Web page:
Fedak, Mike_2012Since you are now exercising, it is unfortunate to say you will one day probably suffer an athletic injury.  This fact should NOT dissuade you from exercising.  Some aches and pains along the way do not lessen the value of exercise in reducing your risk of diabetes, heart disease and stroke.  These are little bumps along the road.

If you decide to power walk or jog, one of the most common injuries seen in an emergency room or doctor’s office is the sprained ankle.  Most sprained ankles are easily treated and do not require a visit to the emergency room.  If you can walk on the ankle, chances are that it is not broken and if by some small chance it is broken, it would not be a clinically significant injury that would require a change in treatment.  Likewise if there is not much bruising it is probably not broken.

A sprained ankle will hurt and will swell, sometimes to a very impressive amount.  Most sprains occur from inversion injuries. In other words, the ankle turns in and the outside of the ankle hurts and swells.  If the ankle turns out and injures the inside of the ankle you are dealing with a more serious injury that will take longer to heal.  A common inversion injury to the ankle is treated with RICE: Rest, Ice, Compression and Elevation.  Stay off of the ankle for several days, use a crutch if you need to get around, put ice on it for 15 minute intervals several times a day, use an ace bandage to wrap it and then elevate the foot.  After several days when the pain is down, you should start doing some exercises, such as making the letters of the alphabet with your foot to increase range of motion, then advancing to walking on your toes and then your heels for strength, then working on balance by standing on one foot.  Once you can move pain free you can start power walking or jogging in a straight line.  Once you can do that totally pain free, if you are athletic, you can do cuts, turns, stops and starts.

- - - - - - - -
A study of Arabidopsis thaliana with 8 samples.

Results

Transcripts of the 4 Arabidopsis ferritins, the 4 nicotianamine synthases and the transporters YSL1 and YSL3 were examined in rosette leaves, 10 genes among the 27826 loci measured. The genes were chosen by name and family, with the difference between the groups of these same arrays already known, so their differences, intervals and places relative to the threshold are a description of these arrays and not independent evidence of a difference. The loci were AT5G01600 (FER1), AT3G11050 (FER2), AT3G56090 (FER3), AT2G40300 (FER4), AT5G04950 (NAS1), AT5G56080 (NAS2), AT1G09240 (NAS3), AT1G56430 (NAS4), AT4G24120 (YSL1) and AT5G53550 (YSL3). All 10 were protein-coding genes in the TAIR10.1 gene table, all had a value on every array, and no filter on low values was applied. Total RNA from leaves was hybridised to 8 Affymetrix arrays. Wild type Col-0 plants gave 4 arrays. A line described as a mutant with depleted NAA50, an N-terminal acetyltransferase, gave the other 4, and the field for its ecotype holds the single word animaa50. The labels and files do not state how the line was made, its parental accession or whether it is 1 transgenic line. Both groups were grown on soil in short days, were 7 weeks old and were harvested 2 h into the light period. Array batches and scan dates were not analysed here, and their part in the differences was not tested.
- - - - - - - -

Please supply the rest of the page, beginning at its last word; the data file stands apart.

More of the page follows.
You do need to see your doctor if you cannot walk on the ankle, there is significant bruising in the ankle or foot, if there is pain on the outside of your foot below the ankle, or if the inside of your ankle is the part injured.

Knee pain is very common among runners.  If you feel like you injured your knee, such as a fall, twisting injury with a pop or snap, and if the knee is swollen, see your doctor.  If your knee stiffens up or is achy after a jog or power walk, try icing it up, and try either Tylenol or a NSAIA like Advil or Aleve if you can take them.  If the pain continues then you should see your doctor.  Consider the surface you run/walk on and the age/quality of the shoes you are using.

If you lift weights, chances are you may develop a lateral epicondylitis from lifting.  This is an ache in the elbow, often called tennis elbow.  The ache occurs in the outside portion of the elbow (the thumb side if your arm is out straight palm up).  Initial treatment for this is ice, NSAIA like Advil or Aleve if you can take them, and rest, with a decrease in the amount of weight you are lifting.  You may also want to check with an athletic trainer to make sure you are lifting properly, because improper lifting technique is a major cause of this.  An elastic forearm band that can be bought at any pharmacy also is helpful.  If this does not get better in 2-3 weeks, see your doctor.

These three injuries, along with back pain, which was discussed last month, probably constitute 90% of the injuries sustained by exercisers/weekend warriors.  To discuss issues like shoulder pain is beyond the scope of this article.  Most cases of shoulder pain needs to be evaluated by your doctor.

Take care, make sure you have good running/walking shoes, and lift with proper technique.  Happy exercising.